MILK THISTLE, Silybum marianum

Milk Thistle (medicinal herb)

Back around the times of the Greeks and Romans, a young general became king. Though he was now a king, he still liked to lead his army. He loved to hang out with the troops and drink toasts to deeds of honor and courage and to heroes. As a young man, his drinking did not bother his health too much. However, as he got older, all of this drinking seemed to make him turn a little yellow and he developed a pain under his right rib. As a king, he figured he did not have to put up with a hurt under his right rib and he did not like the idea of turning yellow either.

One day, he called in the court physicians and the doctors of his army and told them about his liver problem. He told them if they did not find any solution to his problem right away, they would be hung up by their thumbs. Now if a doctor does not like one thing, it is to be hung up by his thumbs.

The doctors got together and boiled up some seeds from a milk thistle and gave it to the king. Within a short while, the king felt much better, thanks to the milk thistle. Once he took milk thistle tea, and controlled his drinking, he felt much better.
Besides being a good liver tonic, mothers found this herb was also good for milk lactation. Some folks said that while the Virgin Mary was nursing the baby Jesus, a drop of her milk fell on a milk thistle leaf. That is why the veins of the leaf look so white. The tea became important to nursing mothers, and to wet nurses, to increase their milk.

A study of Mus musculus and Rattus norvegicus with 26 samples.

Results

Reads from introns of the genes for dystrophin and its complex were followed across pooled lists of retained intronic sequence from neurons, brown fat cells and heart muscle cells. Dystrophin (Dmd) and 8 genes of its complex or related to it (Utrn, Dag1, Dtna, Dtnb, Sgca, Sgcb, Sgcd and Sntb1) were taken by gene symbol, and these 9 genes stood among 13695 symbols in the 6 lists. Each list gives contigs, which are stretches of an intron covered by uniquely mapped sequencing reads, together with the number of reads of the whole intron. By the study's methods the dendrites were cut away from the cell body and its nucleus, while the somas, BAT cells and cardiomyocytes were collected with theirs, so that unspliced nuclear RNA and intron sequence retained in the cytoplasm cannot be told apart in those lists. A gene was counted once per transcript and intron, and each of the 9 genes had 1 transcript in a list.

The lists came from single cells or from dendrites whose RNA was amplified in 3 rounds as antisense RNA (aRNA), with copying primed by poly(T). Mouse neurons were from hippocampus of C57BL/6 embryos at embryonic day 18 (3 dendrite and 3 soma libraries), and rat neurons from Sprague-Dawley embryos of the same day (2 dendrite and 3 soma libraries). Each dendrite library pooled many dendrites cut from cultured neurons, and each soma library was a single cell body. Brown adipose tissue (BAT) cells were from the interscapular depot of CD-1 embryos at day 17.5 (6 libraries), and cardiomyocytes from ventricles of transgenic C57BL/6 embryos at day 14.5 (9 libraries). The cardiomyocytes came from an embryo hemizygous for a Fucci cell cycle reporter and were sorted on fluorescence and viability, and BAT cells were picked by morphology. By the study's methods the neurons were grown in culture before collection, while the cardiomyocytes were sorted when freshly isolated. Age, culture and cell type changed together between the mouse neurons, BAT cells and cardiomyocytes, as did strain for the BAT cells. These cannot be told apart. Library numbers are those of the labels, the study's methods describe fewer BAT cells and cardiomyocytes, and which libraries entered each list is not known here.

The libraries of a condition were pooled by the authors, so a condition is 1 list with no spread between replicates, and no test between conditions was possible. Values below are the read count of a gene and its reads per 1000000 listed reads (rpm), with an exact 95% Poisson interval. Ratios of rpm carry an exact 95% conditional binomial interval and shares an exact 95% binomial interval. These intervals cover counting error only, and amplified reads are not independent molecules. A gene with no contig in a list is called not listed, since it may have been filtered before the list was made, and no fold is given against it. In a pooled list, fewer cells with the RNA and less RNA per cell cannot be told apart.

Milk thistles sometimes grow to a height of more than six feet. They can be annual or biennial. The dark, glossy, green leaves are large and coarse with scalloped edges. Or the leaves might have deep-cut lobes and wavy margins or edges. The spines of the leaves are white and become sharp stickers along the margins. The blossoms are a pinkish purple and bloom in late may and June. The flower head is about two inches across and contains small hairs that seeds are attached to. Throughout the ages, milk thistle has been grown as a medicinal plant for many different ailments. In Europe, and in some parts of this country, the milk thistle is grown on farms and the seeds are harvested for their medicinal value. However, around some homes, milk thistle is cultivated, both as a flower to decorate a garden and as a vegetable for culinary purposes. For centuries, the thistle was used a s a poor man’s garden vegetable. In his flora dietetica, Bryant wrote: “The young shoots in the spring, cut close to the root with part of the stalk on, is one of the best boiling salads that is eaten, and surpasses the finest cabbage. They were sometimes eaten as pies. The roots can be eaten like salsify.”
Most ancient herbalists praised milk thistle. Culpepper said that milk thistle was important in preventing and curing the infection of the plague and for removing obstructions of the liver and spleen. He recommended a tea from the fresh roots and seeds for jaundice, and for breaking and expelling stones, and for dropsy. He said, “Remove the prickles and boil and eat the whole plant as a salad for a good blood cleanser.”

In Europe today, milk thistle is the main cure for liver problems. It contains a chemical substance, silymarin, which has a dramatic regenerative effect on the liver by stimulating the growth of new cells. Silymarin also increases the abilities of both red blood cells and liver cells to eliminate damaging free radicals. Tests have shown that silymarin is a great anti-oxidant that helps to detoxify the body. Some folks say that silymarin, or thislyn, can even lower cholesterol.

Never in the history of man have we had so many pollutants in our air and so many toxins all around us, which makes milk thistle a very valuable antioxidant herb, which can be purchased in health food stores. Even though we do little research into herbs in this country, we are fortunate that Europe does so much and that we are able to share that knowledge.